A barrage of comments to our post on low-carb thickeners confirmed that while coconut flour is terrible for thickening sauces, it does serve other purposes. Our last post on a Primal flour – almond meal – went over well, so I figured the time was ripe for a look at coconut flour.
Coconut flour is simply dried, ground up coconut meat. Most likely you’ll be buying it online or from a specialty grocer, like Whole Foods or a food co-op, but you’ll occasionally come across highly processed, ultra-white coconut flour. Stay away from this. The good stuff will be like actual coconut – slightly cream colored, rather than bone white. You can make your own at home with a food processor, but without a grain mill you’ll probably have issues getting a “floury” consistency. If that’s okay with you, have at it.
Whether you’re making your own or buying it pre-made, always make sure your coconut flour is unsweetened. Pretty much all that you’ll come across is unsweetened, but it’s always worth it to make sure.
Apparently, defatting is one of the major steps in making it, so coconut flour doesn’t have much of the delicious, hearty coconut fat left over. It’s too bad, but understandable when you realize you’re dealing with a dry flour designed for baking. That’s pretty much my only qualm with coconut flour, as everything else looks good. According to my just-bought bag of Aloha Nu organic coconut flour, 2 tablespoons of the stuff contain:
1.5 g fat (1 g saturated fat)
10 g carbs (with 9 g fiber, bringing the net carb count to a measly 1)
2 g protein
Those are pretty great stats, especially when compared to the glucose-boosting powers of “normal” flours like wheat or white. Less hearty than almond meal, but also less heavy and closer in texture to the other, forbidden flours (if that’s what you’re going for). Coconut flour can be used to bake, but be forewarned that it’s very dry and doesn’t stick together well (hence its uselessness as a sauce thickener); avoid this problem by adding eggs to the mix, which allows it to bond and form batter. I’ve also had success using it in a light egg batter for fried coconut chicken. I’d assume it would work equally well for shrimp or fish.
Okay, onto a few recipes.
I’m not a big baker, but I can appreciate those who are. For those budding Primal bakers who still miss bread, why not try to make some with coconut flour? Slightly sweet and fairly light (as opposed to the denser breads made with almond meal), this coconut bread should do the trick.
1/2 cups ghee (or butter)
1-2 tablespoon honey, depending on taste
1/2 teaspoon sea salt
1 teaspoon baking powder
3/4 cup coconut flour
Preheat your oven to 350. Whisk it all together, or blend in a food processor until all lumps are gone. Grease a bread pan with butter or coconut oil and pour your batter in. Bake for 40 minutes.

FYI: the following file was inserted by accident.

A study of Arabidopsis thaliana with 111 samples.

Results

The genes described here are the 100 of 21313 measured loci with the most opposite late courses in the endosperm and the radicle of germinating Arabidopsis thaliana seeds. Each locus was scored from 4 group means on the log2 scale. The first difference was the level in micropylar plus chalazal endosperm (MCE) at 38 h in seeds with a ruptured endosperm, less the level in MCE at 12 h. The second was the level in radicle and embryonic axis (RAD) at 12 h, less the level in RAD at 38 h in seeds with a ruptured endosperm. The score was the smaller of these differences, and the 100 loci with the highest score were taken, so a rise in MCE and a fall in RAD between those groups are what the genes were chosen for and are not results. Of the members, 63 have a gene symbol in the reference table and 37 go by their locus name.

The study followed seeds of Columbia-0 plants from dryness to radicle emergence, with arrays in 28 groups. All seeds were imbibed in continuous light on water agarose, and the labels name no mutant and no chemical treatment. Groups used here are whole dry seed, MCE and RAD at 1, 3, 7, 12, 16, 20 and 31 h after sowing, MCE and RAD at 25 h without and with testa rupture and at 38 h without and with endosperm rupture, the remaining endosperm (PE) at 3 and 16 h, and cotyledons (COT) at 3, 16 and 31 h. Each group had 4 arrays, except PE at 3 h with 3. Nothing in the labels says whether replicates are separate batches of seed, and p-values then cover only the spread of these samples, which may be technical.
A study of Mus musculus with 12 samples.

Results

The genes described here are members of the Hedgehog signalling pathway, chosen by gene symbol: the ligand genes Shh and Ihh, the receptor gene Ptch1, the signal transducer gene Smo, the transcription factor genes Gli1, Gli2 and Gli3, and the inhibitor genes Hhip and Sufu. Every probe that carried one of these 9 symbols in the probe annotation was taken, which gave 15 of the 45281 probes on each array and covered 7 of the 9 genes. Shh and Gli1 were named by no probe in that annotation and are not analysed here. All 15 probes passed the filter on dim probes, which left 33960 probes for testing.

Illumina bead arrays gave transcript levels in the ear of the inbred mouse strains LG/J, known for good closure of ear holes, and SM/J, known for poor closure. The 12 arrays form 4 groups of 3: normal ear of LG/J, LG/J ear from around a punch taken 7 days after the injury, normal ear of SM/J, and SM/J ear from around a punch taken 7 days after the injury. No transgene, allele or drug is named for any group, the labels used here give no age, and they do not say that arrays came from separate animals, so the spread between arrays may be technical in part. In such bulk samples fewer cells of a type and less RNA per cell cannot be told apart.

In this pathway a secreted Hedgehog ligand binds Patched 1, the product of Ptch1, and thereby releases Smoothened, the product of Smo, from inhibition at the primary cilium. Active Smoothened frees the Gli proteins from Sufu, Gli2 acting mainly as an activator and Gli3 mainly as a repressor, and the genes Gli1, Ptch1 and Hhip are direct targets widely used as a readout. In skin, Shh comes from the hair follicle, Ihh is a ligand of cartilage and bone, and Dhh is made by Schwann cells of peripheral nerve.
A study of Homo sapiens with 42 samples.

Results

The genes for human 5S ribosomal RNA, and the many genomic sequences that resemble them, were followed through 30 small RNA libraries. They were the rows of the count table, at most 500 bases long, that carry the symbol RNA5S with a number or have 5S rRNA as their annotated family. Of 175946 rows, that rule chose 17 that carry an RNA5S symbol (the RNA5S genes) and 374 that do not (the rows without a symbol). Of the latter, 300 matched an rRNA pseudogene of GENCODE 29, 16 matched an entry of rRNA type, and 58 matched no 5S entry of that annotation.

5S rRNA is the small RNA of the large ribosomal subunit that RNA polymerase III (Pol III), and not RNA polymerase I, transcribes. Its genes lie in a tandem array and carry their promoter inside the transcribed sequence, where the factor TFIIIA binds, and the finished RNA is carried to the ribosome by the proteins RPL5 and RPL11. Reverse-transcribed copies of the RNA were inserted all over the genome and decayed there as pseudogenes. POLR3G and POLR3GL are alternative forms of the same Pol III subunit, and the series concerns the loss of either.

If we split it up into six servings each slice will, according to FitDay, have:
30.9 g fat
13.2 g carbs (9 g fiber)
8.35 g protein
Drizzle these with honey and berries, wrap up some bacon and eggs for a Primal breakfast burrito, or just eat them plain. These things are incredibly easy to make.
Mix these ingredients and let them sit for five minutes. Oil or grease up your pan and heat over medium heat. Pour about a 1/4 cup of batter for each crepe, allowing each side to brown before flipping it.
Without accounting for toppings or cooking fat, FitDay says the whole batch amounts to:
37.2 g fat (20.9 g saturated)
42.2 g carbs (19.4 g fiber)
30.6 g protein
Coconut Crusted Chicken
This doesn’t even require an ingredient list. Simply take your chicken pieces (or shrimp, or fish), season them with salt and pepper, dunk them in an egg bath (just scrambled up raw egg), then dredge them in coconut flour, then back in the egg bath, and then coat with dried coconut flakes. After that, it’s just a matter of frying them in oil (use coconut) or sautéing them in some butter. Crunchy, delicious, and low-carb.
Any Primal bakers out there with good tips or recipes? Let me know in the comments section!
Mark Sisson is the founder of Mark’s Daily Apple, godfather to the Primal food and lifestyle movement, and the New York Times bestselling author of The Keto Reset Diet. His latest book is Keto for Life, where he discusses how he combines the keto diet with a Primal lifestyle for optimal health and longevity. Mark is the author of numerous other books as well, including The Primal Blueprint, which was credited with turbocharging the growth of the primal/paleo movement back in 2009. After spending three decades researching and educating folks on why food is the key component to achieving and maintaining optimal wellness, Mark launched Primal Kitchen, a real-food company that creates Primal/paleo, keto, and Whole30-friendly kitchen staples.